Wind-driven rain and more tornadoes lashed North Carolina on Saturday, as stunned residents throughout the Southeast picked up the pieces from an earlier storm that left at least 21 people dead and hundreds homeless.

One child was seriously injured when a tornado touched down in Rockingham County, N.C., but for the most part the new round of storms didn't measure up to the intensity of those the day before.At least 75,000 customers of Duke Power Co. remained without power, and officials said it might be Monday before service was restored.

As survivors searched through ruined houses for further casualties, they marveled at the destructive force of the thunderstorms that lashed the region Thursday and Friday, snapping trees, leveling homes and gorging rivers from Texas to Virginia.

"It's like you took a chain saw and cut down all the trees and leveled all the houses," said Bill Seagle, a member of the Upper Cleveland Rescue Squad in Cleveland County, N.C.

In Virginia, four people died when they were swept out of their vehicles in rain-swollen rivers.

A 3-year-old girl and her six-month-old sister were killed in Culpeper County after their mother was flushed out of the driver's seat of their car as it crossed a bridge and the vehicle was swept downstream, police said.

In Buchanan County, a woman and her son were killed after their pickup truck collided with another truck on Virginia 624 and the pickup was forced into the Powell River. The two were swept to their deaths, and a third person in their truck was missing.

Elsewhere in Virginia, searchers found four canoeists who had been reported missing on the Rappahannock River. In North Carolina, search parties rescued six members of a Boy Scout canoeing party whose boats capsized.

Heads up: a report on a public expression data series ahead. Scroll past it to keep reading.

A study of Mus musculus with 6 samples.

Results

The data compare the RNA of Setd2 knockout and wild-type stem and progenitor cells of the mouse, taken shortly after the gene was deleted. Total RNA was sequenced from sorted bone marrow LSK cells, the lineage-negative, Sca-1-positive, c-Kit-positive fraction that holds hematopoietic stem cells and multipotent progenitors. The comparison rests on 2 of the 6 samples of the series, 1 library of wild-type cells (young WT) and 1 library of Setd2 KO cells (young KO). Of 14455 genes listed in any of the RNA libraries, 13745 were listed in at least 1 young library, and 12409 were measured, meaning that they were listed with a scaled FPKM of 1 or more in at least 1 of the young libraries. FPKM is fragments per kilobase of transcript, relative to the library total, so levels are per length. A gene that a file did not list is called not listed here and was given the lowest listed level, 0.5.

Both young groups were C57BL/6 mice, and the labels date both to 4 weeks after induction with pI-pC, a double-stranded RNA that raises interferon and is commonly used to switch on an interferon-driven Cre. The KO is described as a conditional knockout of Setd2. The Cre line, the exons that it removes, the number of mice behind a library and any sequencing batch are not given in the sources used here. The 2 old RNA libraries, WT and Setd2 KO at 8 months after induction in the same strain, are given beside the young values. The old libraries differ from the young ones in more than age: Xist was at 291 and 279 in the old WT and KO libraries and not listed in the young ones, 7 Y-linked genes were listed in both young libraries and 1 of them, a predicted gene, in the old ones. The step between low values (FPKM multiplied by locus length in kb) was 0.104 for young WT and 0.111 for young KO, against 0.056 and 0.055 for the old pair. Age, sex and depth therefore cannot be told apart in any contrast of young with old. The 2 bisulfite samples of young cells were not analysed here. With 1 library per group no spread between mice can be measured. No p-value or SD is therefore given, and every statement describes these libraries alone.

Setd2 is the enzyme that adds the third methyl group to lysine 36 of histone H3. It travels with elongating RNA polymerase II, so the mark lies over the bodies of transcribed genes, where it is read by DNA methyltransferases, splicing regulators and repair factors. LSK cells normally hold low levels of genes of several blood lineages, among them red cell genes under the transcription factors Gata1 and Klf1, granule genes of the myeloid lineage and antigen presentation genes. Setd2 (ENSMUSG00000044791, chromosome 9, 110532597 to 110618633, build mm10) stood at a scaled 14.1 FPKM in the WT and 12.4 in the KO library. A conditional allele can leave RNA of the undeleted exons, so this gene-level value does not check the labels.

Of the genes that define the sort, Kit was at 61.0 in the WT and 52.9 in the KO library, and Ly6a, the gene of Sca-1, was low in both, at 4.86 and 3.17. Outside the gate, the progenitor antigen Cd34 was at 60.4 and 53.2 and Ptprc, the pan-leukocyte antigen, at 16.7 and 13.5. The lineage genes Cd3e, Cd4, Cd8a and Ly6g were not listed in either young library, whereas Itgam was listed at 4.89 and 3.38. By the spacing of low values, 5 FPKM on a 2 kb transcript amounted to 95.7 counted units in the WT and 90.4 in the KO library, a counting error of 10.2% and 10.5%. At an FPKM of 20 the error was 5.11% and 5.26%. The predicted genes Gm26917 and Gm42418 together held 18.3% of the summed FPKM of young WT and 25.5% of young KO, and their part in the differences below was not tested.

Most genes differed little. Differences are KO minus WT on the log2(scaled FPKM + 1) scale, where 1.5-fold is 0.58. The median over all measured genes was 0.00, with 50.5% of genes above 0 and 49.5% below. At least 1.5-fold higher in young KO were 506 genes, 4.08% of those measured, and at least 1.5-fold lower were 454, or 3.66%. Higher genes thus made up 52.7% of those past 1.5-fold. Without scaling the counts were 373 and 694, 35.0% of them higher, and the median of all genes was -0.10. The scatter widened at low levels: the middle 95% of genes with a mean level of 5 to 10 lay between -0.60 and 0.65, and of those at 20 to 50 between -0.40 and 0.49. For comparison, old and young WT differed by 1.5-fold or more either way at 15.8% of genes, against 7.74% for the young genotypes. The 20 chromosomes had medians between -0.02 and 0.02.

Divers found the body of a 9-year-old at the bottom of a swollen drainage canal in Louisiana. The boy had fallen in while reaching for a stick.

Altogether, seven people were confirmed dead in Texas, four in North Carolina, three in Louisiana, two in South Carolina, four in Virginia and one in Oklahoma. More than 100 people were treated for injuries.

"The awesome power of these storms is unbelievable," said Al Warlick of the North Carolina Department of Crime Control and Public Safety after he viewed the devastation from a helicopter. "It's simply amazing we don't have more fatalities and injuries."

Warlick said 41 homes were destroyed and 59 more sustained severe damage in the worst-hit areas.

The weather eased Saturday, with only isolated showers and a few thunderstorms in most parts of the Southeast. However, heavy rain, hail and winds up to 75 mph raked North Carolina, downing trees and power lines and making a difficult job even harder for those cleaning up.

Heavy rain also was reported in New England and the mid-Atlantic states, while parts of the Midwest were chilled by record low temperatures and snow.